LAS VEGAS (KLAS) — Could the U.S. Senate seat up for grabs in Nevada tilt the balance of power? That’s why Republicans and Democrats are spending so much money on political campaigns as Nov. 8 nears.
The U.S. Senate is split right down the middle — 50 Democrats and 50 Republicans — headed into the midterm election. Democratic Vice President Kamala Harris casts the deciding vote in deadlocks.
U.S. Sen. Catherine Cortez Masto and former Nevada Attorney General Adam Laxalt are in a fierce battle for the office, with the most recent poll (Suffolk University/USA Today) showing Laxalt ahead by 1.7 percentage points. Polling that began in early summer has generally shown the race to be a toss-up, with leads that haven’t stretched beyond the poll’s margin of error.
Cortez Masto has run a campaign based on Laxalt’s anti-abortion views, and harsh attacks have persisted with the intent of turning out votes in reaction to the U.S. Supreme Court’s June 24 ruling that overturned Roe v. Wade.
It’s one of the biggest unknowns in this year’s election: Will public sentiment on abortion rights be able to compete with Americans’ outrage over the economy? Democrats are banking on the backlash to the Supreme Court ruling, while Republicans are teeing off on inflation, gas prices and the economy. President Joe Biden’s low performance ratings have provided an easy target for Republican attacks.
A CBS News report in late September indicated Nevada Democrats were seeking to turn the message on the economy around in campaigns focused on Latino voters. Cortez Masto is the first Latina elected to the U.S. Senate. Her campaign used Democrats’ victories on infrastructure spending to push messages about better jobs and futures for the Latino community.
But the economy continues to be a liability for Democrats, and now Republicans are talking about winning over more Hispanic voters in 2022.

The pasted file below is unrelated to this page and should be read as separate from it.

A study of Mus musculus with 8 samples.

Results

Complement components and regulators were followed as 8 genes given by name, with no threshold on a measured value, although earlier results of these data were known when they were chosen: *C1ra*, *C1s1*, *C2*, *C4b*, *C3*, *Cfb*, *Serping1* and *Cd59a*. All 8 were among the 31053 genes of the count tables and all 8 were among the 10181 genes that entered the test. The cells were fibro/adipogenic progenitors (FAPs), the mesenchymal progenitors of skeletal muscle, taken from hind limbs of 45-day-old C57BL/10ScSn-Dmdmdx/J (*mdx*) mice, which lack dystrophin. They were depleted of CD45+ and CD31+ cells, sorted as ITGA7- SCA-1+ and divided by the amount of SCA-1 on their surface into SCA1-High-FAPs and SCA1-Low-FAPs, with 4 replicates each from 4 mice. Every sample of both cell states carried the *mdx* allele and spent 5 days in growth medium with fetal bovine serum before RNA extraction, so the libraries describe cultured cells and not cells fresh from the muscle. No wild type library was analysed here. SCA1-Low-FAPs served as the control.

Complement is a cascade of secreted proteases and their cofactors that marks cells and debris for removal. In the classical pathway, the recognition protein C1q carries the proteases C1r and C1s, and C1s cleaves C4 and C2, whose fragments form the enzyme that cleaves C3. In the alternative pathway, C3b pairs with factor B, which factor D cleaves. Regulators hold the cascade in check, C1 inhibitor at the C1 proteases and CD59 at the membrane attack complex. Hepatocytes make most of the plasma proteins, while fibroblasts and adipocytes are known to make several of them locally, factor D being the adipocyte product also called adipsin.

If people who seldom vote aren’t drawn to the polls over the abortion issue, Cortez Masto will need support among voters who aren’t in either party. Independents are another unknown in this year’s election, but a recent poll indicates that Republicans are having much more success than Democrats in winning their support. A New York Times-Siena College poll released on Monday shows independents favoring the GOP by 18 percentage points.
Some political observers are saying the Democrats have staked too much on the Roe v. Wade backlash.
Laxalt’s campaign has boldly challenged Cortez Masto on the abortion issue by going back to her record as his predecessor in the Nevada Attorney General’s Office. With no attempt to deny his stance on abortion, Laxalt argues that he cares more about women than Cortez Masto, who allowed a backlog of rape kits to go untested during her tenure.
Cortez Masto’s campaign hit early and often with negative ads about Laxalt’s record on prosecuting opioid companies, along with his alignment with drug companies and the oil and gas industry. Members of Laxalt’s family have expressed their support for Cortez Masto in recent days. And the negative campaigning still has three weeks to play out.
Recent campaign finance updates from the Federal Election Commission show that Cortez Masto has spent a stunning $40 million thus far, with $5 million in the bank as the election nears. Laxalt’s campaign has spent $9.5 million, and still has $4 million to spend.
Only Georgia has had higher spending in a 2022 U.S. Senate race.
National spending by Political Action Committees has been heavy on both sides, but Cortez Masto has been much more successful in raising individual contributions.